There's been a lot of chatter recently about #quietquitting. Leaders are speculating the #greatresignation, generational differences in workstyles and poor leadership are driving it. First, I'll go on the record saying that just because people are introducing boundaries into their work life, not saying yes to extra projects and assignments, or generally applying a more appropriate pace to their work doesn't mean they are #quietquitting or disengaged. Perhaps there's something else going on.


COVID-19 was the biggest disrupter many of us have seen in work patterns and behaviors in our careers. In many cases, we basically sent the entire workforce away from the office to work from home, with many companies yet to return to 'normal'; some never will. I'd like us to consider that many leaders may have vastly underestimated this considerable transition and its impact on people's workstyles and behavior.


As someone who worked remotely for most of my career, I can tell you it takes quite some time to figure out the balance. Remember, your office is now in your living space. It's too easy to get out of bed, check your email, get pulled into the first "fire of the day," and not stop until 3 pm when you realize your legs are asleep and you haven't eaten a morsel of food all day. Us remote warriors know the pain of 8 hours of meetings literally back-to-back because you no longer need to walk to the boardroom or anyone's office for that matter. Let's not forget the 8 pm stroll into the kitchen, past the dining room table, now your makeshift office, and the lure of the laptop and the 'you’ve got new mail’ icon heckling you as you walk by.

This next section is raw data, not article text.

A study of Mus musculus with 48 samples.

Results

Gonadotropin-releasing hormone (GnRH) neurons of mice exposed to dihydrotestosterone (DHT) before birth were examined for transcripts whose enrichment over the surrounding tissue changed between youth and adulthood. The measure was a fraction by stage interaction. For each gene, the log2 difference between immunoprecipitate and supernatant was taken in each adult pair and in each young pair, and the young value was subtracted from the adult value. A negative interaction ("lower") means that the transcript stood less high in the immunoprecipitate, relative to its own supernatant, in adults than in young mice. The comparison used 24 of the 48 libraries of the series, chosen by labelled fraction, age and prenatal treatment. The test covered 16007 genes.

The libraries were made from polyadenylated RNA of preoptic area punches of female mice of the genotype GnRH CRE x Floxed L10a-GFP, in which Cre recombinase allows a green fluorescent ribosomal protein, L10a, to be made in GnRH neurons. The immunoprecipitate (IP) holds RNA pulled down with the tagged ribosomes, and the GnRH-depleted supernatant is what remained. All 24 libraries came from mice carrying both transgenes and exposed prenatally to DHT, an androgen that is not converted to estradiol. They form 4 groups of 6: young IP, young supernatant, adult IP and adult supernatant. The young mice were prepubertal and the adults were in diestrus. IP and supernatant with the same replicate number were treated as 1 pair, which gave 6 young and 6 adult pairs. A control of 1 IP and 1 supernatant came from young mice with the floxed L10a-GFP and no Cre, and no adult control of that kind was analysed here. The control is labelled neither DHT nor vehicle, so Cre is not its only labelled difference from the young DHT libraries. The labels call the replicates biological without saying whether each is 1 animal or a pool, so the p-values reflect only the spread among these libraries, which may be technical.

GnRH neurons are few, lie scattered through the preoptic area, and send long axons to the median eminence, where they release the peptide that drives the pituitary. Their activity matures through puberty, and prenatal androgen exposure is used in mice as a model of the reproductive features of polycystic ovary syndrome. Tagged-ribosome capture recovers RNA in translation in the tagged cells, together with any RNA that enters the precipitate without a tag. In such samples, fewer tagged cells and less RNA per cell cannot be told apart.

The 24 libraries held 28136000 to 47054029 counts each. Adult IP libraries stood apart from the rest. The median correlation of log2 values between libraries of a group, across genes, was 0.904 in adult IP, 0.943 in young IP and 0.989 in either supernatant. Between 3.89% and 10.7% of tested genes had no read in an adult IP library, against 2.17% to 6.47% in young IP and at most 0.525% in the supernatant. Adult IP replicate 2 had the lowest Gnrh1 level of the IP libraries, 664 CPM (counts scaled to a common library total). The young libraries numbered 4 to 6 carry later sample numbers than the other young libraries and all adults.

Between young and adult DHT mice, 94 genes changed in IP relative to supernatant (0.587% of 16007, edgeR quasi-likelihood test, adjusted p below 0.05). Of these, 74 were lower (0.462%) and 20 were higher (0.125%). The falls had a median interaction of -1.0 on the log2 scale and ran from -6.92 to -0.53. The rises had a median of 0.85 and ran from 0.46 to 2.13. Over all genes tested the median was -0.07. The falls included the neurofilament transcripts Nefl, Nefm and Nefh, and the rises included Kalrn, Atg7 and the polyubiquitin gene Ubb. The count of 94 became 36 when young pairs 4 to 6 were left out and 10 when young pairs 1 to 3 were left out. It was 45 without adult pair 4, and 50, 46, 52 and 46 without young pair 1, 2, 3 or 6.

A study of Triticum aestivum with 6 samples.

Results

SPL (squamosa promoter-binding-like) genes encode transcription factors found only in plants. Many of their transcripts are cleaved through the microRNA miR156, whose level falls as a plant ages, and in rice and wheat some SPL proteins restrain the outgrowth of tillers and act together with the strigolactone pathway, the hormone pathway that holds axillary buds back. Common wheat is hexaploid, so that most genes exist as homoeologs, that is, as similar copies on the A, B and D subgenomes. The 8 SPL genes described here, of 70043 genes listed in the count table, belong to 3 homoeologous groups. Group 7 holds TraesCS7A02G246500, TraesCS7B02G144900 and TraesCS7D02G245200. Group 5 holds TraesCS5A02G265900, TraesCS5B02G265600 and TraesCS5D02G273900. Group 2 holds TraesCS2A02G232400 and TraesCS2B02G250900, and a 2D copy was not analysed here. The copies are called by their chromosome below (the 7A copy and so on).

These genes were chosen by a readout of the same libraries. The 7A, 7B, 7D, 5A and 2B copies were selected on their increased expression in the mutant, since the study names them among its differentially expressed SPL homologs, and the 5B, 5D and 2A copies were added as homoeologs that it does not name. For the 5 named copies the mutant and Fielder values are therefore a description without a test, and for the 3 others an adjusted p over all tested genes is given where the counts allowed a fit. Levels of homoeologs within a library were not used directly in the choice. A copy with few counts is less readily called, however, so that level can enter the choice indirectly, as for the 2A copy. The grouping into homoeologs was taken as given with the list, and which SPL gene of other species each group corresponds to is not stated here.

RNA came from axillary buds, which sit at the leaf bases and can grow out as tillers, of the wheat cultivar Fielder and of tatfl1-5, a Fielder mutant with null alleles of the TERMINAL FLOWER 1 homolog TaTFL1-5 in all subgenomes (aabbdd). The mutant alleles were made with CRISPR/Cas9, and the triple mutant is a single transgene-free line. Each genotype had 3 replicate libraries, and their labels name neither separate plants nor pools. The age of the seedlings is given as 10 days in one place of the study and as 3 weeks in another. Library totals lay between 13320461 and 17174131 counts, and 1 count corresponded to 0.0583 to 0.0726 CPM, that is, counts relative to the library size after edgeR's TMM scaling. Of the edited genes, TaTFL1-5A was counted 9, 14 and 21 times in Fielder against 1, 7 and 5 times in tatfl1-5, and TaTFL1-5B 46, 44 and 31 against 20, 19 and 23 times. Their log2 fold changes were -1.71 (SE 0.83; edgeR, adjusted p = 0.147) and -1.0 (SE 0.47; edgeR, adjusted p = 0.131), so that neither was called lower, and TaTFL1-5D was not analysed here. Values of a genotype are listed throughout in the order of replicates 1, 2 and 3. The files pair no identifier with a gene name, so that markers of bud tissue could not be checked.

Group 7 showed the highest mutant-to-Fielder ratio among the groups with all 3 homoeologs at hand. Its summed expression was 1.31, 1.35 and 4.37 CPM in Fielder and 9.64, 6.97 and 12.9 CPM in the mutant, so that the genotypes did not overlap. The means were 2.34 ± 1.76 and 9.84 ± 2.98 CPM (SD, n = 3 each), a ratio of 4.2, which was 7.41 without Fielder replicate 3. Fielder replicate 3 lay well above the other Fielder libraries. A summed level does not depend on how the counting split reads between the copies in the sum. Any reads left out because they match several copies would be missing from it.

It takes time to learn how to work from home and do it in a way that doesn't produce burnout and a lack of balance. I would argue that some people barely made it through their first two years of remote work and are now saying they need more sustainable work habits and proper home/work boundaries if this is to be a permanent work arrangement. I suspect these significant changes are only now being implemented to the way people work and have become visible to their managers.


Instead of labeling this change in behavior as #quitequitting, leaders would be better positioned to instead invest in specific training for their teams on how to work remotely effectively and with balance. Also, it wouldn't hurt to check in on your teams' mental health during their dedicated one-on-one time, especially those living and working in a 600sq foot apartment!!